Amid calls to remove various United States monuments to Confederate fighters, progressive activist Shaun King claimed that portrayals of a white, European Jesus Christ are linked to white supremacy and should also be torn down.
“They are a form of white supremacy,” King tweeted in regards to statues of Jesus. “Always have been. In the Bible, when the family of Jesus wanted to hide, and blend in, guess where they went? EGYPT! Not Denmark. Tear them down.”
Not long after, King doubled down on his comments and took aim at other representations of Jesus.
“All murals and stained glass windows of white Jesus, and his European mother, and their white friends should also come down. They are a gross form white supremacy.”
The Real Justice co-founder claimed that such pieces of art were “created as tools of oppression” and likened them to “racist propaganda.”
King’s comments received pushback on social media, even from other progressive political figures. Notably, Bhaskar Sunkara, the founding editor and publisher of Jacobin, highlighted that there are depictions of Buddha that do not portray him as an Indian and asked whether King supported the removal of such images.
“Religious iconography is often thorny, sometimes racist in a malicious way, sometimes it was just taking a universal faith and depicting it in local image.”
Another user noted that depictions of Jesus vary depending on the country in which he is represented.
White evangelicals would abandon Christianity in seconds when they realize Jesus was brown. Whitewashing history to oppress people of color. pic.twitter.com/DFVHalcjLR
— SUCH (@Such) May 14, 2017
Woke White People: Stop overreacting about statues. They won't come for Jesus.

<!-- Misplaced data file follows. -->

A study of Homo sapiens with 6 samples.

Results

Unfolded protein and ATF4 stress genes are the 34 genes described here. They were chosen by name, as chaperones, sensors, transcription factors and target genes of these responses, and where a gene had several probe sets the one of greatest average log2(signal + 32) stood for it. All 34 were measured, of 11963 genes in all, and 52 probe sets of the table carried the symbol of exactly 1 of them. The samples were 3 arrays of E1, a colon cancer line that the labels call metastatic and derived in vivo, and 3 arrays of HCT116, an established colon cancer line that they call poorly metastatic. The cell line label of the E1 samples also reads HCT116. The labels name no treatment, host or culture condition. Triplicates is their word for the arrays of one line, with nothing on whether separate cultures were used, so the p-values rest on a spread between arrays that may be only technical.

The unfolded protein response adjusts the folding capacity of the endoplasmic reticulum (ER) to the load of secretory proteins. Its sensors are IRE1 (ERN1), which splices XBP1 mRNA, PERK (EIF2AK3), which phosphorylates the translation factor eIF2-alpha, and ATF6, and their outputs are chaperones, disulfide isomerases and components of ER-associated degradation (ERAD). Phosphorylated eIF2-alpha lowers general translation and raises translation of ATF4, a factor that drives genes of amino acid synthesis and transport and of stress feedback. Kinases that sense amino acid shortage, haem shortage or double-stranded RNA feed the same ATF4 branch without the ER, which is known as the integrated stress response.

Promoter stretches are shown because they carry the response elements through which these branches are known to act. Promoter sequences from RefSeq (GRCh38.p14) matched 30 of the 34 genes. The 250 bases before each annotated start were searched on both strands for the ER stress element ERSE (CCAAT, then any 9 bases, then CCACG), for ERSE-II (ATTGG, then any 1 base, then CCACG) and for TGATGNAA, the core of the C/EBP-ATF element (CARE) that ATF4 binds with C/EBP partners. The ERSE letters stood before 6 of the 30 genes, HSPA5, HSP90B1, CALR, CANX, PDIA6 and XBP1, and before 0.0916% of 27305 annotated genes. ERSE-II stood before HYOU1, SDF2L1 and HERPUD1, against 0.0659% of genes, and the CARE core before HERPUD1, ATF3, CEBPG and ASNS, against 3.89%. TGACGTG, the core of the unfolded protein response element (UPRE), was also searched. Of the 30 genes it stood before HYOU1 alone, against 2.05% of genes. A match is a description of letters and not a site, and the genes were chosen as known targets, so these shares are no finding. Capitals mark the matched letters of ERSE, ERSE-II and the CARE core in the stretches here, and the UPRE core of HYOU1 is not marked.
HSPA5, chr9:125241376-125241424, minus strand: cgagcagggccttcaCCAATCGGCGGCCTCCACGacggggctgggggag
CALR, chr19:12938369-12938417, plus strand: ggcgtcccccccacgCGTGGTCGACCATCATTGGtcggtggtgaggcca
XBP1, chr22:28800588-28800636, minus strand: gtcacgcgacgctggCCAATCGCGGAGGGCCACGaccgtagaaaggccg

Shaun King: hold my sledgehammer. pic.twitter.com/AIZ2LXOc0p
— Joseph Kahn (@JosephKahn) June 22, 2020
King’s comment comes one day after activist Matt Schlapp, chairman of the American Conservative Union, claimed that statues of Jesus would be the next target of protesters who have taken aim at Confederate monuments amid the civil unrest sparked by George Floyd’s death. Schlapp’s Sunday comment sparked the hashtag #StatuesOfJesus, which trended on Twitter on Monday morning. As noted by some social media users, most statues of Jesus are on private property, as opposed to the government-created Confederate statues that are on public property.
Annette Gordon-Reed, a professor of history at Harvard Law School, did not condone protesters who are tearing down statues that they find offensive. Although Gordon-Reed said she understands the emotion behind the impulse, especially in a situation where the government has ignored community petitions, she ultimately said she could not support the behavior.
Nevertheless, Gordon-Reed pushed back against individuals who argued that removing Confederate statues dishonors the memory of people who died fighting for the Confederacy. She also claimed that the Confederate values are aligned with “unrepentant white supremacy” and a disregard for the lives of African Americans.